There has been a torrent of online attacks on non-Indian women who wear the bindi. As a non-Indian woman wearing a bindi with a colourful experience of online attacks, I wanted to write about this topic. Cultural appropriation is a very sensitive subject, many people fear that the deep significance of a tradition or symbol will be lost or misused if others start to use it. The bindi is an iconic South Asian symbol, so should women who do not originate from South Asia be allowed to wear one?
Our world is shrinking, people are mixing, cultures are merging (our marriage is one example of that) and therefore cultural appropriation is inevitable, but is it always a bad thing? Many think it is.
I personally feel we should all attempt to understand and acknowledge the significance of the symbols we adorn ourselves with. We should learn what our wardrobes represent and assess whether that conflicts with our personal ethos. We should learn the history and try to understand the sacred significance of the things we wear so we are able to respect them. If we all took more time to understand the cultures of the people who live among us, surely it would go beyond dressing appropriately and dissolve some poisonous prejudices.
My experience, as a non-Indian woman married to an Indian man living in India, has been the opposite. If I don’t wear a bindi, people get upset! On the days I have forgotten to wear a bindi, aunties have offered me a bindi from their handbags, my grandmother-in-law has been deeply hurt and a priest appeared from nowhere whilst I was waiting in a restaurant and poked me between the eyes with a stick covered in vermillion.
As someone who will not do something just because someone has told me to, I had to make a choice whether or not to wear a bindi. I asked Indian women what the bindi meant to them and tried to uncover the ancient symbolism. Afterwards I thought long and hard about what the bindi means to me.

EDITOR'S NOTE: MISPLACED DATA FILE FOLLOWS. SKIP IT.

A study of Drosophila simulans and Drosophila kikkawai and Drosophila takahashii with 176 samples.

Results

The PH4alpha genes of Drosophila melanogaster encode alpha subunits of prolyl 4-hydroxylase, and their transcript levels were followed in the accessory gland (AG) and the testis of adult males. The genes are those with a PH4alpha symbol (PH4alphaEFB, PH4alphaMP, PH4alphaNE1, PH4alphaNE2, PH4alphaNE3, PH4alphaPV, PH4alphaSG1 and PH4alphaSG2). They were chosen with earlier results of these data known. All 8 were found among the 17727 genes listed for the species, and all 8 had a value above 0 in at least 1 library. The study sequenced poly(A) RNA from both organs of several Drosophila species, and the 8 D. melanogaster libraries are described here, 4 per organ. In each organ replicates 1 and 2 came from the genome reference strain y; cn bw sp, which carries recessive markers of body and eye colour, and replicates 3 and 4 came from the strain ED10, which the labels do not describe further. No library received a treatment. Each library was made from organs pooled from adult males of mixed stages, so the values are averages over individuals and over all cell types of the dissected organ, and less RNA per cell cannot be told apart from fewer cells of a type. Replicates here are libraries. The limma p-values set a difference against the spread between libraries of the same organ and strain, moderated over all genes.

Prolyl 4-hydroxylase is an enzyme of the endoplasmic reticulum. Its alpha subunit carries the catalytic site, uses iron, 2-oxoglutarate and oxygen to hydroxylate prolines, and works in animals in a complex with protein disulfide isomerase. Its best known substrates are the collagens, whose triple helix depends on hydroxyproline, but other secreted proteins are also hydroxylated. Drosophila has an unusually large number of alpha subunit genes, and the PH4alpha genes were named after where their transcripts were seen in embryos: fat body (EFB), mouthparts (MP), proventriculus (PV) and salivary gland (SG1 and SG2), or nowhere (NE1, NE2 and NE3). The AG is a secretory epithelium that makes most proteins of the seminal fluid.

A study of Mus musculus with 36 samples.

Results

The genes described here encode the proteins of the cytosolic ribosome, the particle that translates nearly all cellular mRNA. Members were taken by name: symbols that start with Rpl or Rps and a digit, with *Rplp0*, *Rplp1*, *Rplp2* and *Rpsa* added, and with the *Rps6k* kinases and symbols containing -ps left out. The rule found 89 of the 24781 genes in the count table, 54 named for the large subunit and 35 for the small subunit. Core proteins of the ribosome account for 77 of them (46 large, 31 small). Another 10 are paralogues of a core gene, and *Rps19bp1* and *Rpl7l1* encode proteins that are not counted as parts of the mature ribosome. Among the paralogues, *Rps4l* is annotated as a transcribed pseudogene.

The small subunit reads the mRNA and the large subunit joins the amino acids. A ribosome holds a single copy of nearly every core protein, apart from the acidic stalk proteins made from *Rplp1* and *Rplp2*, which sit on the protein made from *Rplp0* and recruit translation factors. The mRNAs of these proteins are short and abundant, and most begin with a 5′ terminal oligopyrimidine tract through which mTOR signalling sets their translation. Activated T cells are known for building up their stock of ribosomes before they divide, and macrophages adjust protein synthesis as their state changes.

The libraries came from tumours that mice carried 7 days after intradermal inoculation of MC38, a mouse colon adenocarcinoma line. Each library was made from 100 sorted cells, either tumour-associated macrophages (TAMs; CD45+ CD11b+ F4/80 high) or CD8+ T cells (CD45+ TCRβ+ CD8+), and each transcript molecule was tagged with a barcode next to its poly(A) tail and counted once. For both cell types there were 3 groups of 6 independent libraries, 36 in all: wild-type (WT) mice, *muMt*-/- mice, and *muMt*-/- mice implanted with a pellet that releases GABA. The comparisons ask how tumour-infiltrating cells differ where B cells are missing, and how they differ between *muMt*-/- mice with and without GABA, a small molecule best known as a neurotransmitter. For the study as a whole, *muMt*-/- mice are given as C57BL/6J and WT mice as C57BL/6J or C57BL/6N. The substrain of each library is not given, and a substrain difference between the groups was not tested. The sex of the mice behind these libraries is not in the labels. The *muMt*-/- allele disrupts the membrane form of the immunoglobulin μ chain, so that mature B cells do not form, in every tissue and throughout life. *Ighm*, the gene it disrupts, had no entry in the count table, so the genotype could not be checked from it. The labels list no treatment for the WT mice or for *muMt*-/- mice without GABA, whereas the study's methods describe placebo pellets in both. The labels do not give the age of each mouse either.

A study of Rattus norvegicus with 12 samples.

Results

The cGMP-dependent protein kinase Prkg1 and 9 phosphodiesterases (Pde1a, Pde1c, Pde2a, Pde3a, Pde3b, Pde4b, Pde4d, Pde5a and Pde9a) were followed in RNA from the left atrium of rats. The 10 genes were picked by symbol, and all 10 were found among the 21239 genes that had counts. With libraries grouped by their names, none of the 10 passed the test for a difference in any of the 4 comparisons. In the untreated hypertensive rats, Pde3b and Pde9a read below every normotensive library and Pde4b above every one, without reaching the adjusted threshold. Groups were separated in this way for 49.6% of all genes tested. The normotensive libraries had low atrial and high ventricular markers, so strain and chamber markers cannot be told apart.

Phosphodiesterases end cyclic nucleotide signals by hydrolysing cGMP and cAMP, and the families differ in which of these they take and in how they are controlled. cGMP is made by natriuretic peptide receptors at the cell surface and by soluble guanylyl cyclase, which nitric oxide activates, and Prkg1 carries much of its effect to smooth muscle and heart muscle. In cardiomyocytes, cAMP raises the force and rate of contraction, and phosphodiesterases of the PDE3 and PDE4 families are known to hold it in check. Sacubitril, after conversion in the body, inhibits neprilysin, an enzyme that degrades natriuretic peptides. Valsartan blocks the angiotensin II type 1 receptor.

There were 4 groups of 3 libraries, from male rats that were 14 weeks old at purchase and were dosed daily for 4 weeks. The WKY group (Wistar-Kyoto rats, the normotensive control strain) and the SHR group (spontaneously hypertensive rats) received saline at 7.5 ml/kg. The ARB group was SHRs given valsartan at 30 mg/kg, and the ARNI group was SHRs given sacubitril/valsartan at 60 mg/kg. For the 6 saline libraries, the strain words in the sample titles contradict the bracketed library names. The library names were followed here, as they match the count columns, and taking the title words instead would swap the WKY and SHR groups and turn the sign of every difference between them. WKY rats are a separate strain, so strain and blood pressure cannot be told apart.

I wear a bindi as a reminder that I am more than this body, I am a soul. When I notice the small red dot in the mirror, I find focus. I am conscious that there is more to me than this reflection! I also didn’t want to upset my husband’s grandmother.
Obviously you don’t need to have a spiritual connection with the bindi to respect it, many Indian women wear a bindi as a fashion accessory. We do, however, need to respect that the symbol is sacred to some if we choose to wear it. Unfortunately, even if you do respect the bindi but are not South Asian, you may still be subjected to those online attacks if you chose to wear one. I feel like those who make this malicious attacks are disrespecting the bindi themselves by being so cruel and hateful.
We must remember that whilst the cultural appropriation police are busy behind their computer screens attacking young women for wearing a bindi, there are many more South Asians who feel honoured that the world finds the bindi beautiful. Not only should we be respectful to cultural and sacred symbols, we should also respect each other.